One of the most critical decisions that a farmer makes is what crops to grow on the land he or she has available. For some farmers, that’s a quick decision because the land, climate, tradition, infrastructure and economic conditions all support one dominant crop. For example, in the South cotton was king because it grew well in the long, hot summers, because the farmers understood how to manage it and because the cotton gins, markets and transportation systems were all nearby.
For other farmers, there may be a variety of crops adapted to their local ecology, and they may wrestle each year with the decision of what crops to plant on what pieces of ground. Here are some of the factors that can affect cropping decisions –
- Climate and growing seasons. The long time period and high average temperatures between the last frost of the spring and first frost of the fall allow cotton and rice to grow well in the south. The short, cool growing season of North Dakota is better for spring wheat and oats.
- The investments farmers make often lock them into a certain cropping patterns. For instance, once a farmer buys a corn planter, he or she will probably plant corn on most of the land to get a good return on that investment. Mechanization encourages specialization.
- Research also encourages specialization. Each new university study makes it possible to increase the yield of the crop studied, but it means that the farmer has to know a lot more detailed information. No one farmer can understand every detail about the growth cycle of every potential crop, so he or she will naturally learn all there is to know about one or two crops and choose to plant a limited number of crops.
- On the other hand, there is an entire field of research into the advantages of crop rotation. Farmers, particularly in the Midwest, are told that planting corn one year, followed by soybeans the next, and possibly legumes the next will naturally keep pests under control and fix nitrogen and other nutrients in the soil.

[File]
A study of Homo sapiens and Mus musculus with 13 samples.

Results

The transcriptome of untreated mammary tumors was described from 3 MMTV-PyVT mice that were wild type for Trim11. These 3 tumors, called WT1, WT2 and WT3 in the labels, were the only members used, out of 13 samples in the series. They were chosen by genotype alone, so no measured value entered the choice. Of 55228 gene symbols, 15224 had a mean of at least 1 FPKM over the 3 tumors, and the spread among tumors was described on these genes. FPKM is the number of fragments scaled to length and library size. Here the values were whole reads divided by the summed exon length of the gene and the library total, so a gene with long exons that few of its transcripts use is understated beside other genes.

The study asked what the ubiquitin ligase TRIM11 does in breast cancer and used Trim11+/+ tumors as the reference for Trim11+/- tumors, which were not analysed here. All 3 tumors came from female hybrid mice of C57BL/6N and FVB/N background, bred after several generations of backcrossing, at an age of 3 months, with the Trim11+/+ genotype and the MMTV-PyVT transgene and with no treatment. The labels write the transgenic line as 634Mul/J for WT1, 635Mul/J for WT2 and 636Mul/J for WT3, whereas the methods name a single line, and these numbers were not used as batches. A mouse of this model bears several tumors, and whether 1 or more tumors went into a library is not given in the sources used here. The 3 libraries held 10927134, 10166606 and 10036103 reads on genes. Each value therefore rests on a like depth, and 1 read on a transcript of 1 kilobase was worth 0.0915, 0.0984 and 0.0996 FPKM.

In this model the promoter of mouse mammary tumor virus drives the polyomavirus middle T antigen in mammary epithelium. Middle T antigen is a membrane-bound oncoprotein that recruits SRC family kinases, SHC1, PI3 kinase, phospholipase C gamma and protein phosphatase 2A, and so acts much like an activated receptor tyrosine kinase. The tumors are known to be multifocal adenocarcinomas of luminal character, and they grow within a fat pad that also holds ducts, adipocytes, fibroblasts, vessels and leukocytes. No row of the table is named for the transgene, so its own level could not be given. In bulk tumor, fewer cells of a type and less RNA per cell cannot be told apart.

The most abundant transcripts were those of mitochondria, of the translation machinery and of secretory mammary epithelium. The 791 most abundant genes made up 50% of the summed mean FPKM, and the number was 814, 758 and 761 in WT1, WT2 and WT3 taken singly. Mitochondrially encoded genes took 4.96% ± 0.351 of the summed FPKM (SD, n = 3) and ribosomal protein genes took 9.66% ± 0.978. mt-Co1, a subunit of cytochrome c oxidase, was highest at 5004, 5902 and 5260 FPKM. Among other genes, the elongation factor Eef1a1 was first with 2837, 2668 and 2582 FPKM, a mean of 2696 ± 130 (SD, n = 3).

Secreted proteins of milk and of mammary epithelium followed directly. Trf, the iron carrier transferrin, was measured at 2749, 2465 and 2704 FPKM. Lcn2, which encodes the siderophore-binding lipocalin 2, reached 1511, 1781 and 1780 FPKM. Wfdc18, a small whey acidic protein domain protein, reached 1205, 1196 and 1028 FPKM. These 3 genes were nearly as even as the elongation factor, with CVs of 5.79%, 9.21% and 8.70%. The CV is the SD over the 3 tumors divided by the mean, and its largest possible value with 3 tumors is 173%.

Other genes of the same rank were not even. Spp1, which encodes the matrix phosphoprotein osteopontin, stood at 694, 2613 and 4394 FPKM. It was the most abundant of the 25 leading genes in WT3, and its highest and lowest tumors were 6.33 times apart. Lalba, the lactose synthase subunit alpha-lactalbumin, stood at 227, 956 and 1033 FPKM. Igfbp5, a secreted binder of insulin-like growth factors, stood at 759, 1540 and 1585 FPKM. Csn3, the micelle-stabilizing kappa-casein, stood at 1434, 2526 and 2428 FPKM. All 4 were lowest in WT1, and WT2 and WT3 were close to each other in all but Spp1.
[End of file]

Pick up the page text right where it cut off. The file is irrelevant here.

- Government programs will make some crops more attractive financially than others from year to year.
- Official predictions about the weather or what crops may be planted in other parts of the country or the world will influence expectations about prices for different crops at the end of the growing season.
- The infrastructure that grows up around various crops (no pun intended) will also affect cropping decisions. For instance, the Midwest has lots of elevators, grain merchants, barges and trucks ready to handle crops like corn, soybeans and wheat. The West has warehouses and shipping facilities for vegetables.
- Tradition and community norms. Often it’s hard for one farmers to try a new crop when all his or her neighbors, friends and relatives are used to planting another crop.
But there were still changes in cropping patterns in the 1950s and 60s.
For instance, fewer farms grew more corn on fewer acres by the end of the 60s. This increase in productivity reflected a huge increase in the average yields for corn on each acre planted. Going back to 1899, there has been a steady decline in the number of acres planted in corn, from around 95 million acres in 1909 to 52.5 million acres in 1969. But the total corn grown shot up from 2.6 billion bushels to over 4.4 billion bushels.
This huge productivity increase was accomplished, obviously, by an increase in yield per acre – from 28 bushels per acre in 1909 to over 84.5 bushels per acre in 1969. In fact, there was a 20-bushel-per-acre increase between 1964 and 1969 alone. Better hybrids, fertilizers, pesticides and irrigation all contributed to that increase.
Soybeans also registered major changes. As we’ve seen, soybeans got a major push during World War II. That push came to fruition in the 60s when production topped one billion bushels for the first time in the U.S. in 1969.
There were similar increases in yield for most major crops –
- Wheat yields went from 12.5 bushels per acre in 1899 to 29.3 in 1969.
- Hay harvested went from 1.28 tons per acre in 1899 to 2.1 tons in 1969.
- Cotton went from 0.33 bales per acre 1909 to 1.06 bales per acre in 1964.
- Sorghum production went from 10.8 bushels per acre in 1909 to 52.7 bushels per acre in 1969.
Sometimes, farmers immigrating from one part of the country to another – or one part of the world to another – will introduce new crops to a region. Beulah Gocke’s family moved from Nebraska to Utah because they were having a hard time during the drought years of the 1950s. Beulah’s family started raising sweet corn varieties imported from Iowa because, “They had very poor quality of sweet corn,” she says. “We ordered some Iowa Chief hybrid sweet corn in, and it was a huge ear… And that was my son’s college money for his first year to college.”
Beulah has also seen first hand the pressure to specialize. “It used to be you had to diversify to balance out your income and utilize all of your land,” she says. “But now, if you’re equipped to raise grain with the larger equipment and the big dollar investment, you want to raise grain. You don’t want to stop at 5:00 o’clock and interrupt your routine to go take care of your livestock.”
Written by Bill Ganzel, the Ganzel Group. First published in 2007. A partial bibliography of sources is here.